According to a new study conducted by researchers from Northwest University 84% of US teenagers use the internet if they want to obtain information about health, physical and mental behavior and fitness. In addition one out of five teenagers has even downloaded health apps for their mobile phones.
The lead author of the study, communications professor Ellen Wartella, said that this is a nationwide survey and it is the first study of this kind in ten years of tackling the way in which young generations use media tools. In addition the research took in account health information systems which are new such as mobile apps and gadgets. The “Teens, Health & Technology” survey involved 1,156 US teenagers with ages between 13 and 18.
According to the study one-third of teenagers say they use online information in order to improve their health condition. They inform themselves about the benefits of cutting back on drinking soda, trying healthy recipes and exercising in order to fight depression.
One quarter of the teenagers used the internet to find more about health conditions of which family members or friends suffered. Other issues which they are concerned about include puberty, sex, drugs and depression. 88% of the participants confessed that they do not feel comfortable to share health concerns on social networking websites such as Facebook.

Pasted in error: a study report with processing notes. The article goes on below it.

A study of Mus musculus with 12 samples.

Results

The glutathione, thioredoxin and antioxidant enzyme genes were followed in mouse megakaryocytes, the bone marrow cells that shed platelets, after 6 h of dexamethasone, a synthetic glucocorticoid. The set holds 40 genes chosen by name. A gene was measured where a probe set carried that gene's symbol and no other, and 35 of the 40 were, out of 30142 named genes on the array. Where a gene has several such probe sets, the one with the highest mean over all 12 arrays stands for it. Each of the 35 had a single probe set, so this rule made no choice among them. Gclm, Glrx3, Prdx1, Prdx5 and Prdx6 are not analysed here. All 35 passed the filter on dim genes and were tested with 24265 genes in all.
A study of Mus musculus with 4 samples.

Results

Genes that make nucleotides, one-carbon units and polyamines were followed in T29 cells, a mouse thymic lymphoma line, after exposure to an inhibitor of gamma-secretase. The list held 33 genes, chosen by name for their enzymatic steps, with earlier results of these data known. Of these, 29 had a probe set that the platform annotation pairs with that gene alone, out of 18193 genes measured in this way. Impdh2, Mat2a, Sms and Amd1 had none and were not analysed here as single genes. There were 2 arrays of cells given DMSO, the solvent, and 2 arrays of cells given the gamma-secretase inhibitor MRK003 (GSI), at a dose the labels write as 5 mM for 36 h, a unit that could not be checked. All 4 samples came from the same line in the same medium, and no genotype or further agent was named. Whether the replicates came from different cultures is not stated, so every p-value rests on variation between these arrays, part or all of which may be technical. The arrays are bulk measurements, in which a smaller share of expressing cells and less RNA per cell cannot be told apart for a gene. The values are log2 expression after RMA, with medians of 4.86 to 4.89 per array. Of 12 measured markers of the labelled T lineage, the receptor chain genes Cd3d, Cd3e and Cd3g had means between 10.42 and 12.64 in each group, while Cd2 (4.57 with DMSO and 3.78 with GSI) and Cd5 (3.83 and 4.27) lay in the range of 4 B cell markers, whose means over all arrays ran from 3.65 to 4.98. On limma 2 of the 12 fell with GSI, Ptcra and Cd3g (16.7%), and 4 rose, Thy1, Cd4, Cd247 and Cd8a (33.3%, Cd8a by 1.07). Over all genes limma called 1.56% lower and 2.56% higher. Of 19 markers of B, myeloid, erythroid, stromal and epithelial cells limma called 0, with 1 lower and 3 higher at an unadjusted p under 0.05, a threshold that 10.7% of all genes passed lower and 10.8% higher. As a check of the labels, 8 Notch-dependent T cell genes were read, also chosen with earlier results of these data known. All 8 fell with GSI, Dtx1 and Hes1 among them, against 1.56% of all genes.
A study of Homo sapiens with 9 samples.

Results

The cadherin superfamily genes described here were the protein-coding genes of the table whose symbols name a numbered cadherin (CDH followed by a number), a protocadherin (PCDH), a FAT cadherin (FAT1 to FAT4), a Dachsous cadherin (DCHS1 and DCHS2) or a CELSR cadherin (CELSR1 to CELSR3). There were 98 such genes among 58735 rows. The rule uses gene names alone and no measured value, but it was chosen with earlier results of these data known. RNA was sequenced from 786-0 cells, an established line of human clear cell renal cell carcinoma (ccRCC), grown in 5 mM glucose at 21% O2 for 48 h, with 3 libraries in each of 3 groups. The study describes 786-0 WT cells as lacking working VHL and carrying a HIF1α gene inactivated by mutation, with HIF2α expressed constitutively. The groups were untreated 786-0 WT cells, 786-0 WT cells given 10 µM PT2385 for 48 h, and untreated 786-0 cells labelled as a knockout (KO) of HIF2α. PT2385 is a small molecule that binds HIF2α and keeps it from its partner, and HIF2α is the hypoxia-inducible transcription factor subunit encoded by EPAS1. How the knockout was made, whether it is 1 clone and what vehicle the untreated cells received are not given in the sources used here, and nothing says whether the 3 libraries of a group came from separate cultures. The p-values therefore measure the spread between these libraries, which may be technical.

So it seems that although it is commonly believed that teenagers use the internet for negative things and that it has a bad influence of them, this study proves that teenagers also use the internet for useful purposes. Co-author of the stuyd, Vicky Rideout, remarked:
“I mainly find it kind of moving, because it really illustrates that a lot of teens are grappling with very real, very important health challenges and that the Internet is empowering them with the information they need to take better care of themselves.”
The study analyzed various factors linked to teenage internet use such as the amount of information which the teenagers use, the frequency of internet usage, the most popular topics and the impact these had on the teenagers’ health behavior. The researchers also found out that the teenagers do not use only the web to inform themselves, but also digital tools.
Dr. Danelle Fisher from Providence Saint John’s Health Center (Santa Monica) was not involved in the study, but she commented on the findings saying that the internet offers a huge amount of information, but not all of it is accurate so the sources use should always be critically analyzed by both parents and teenagers.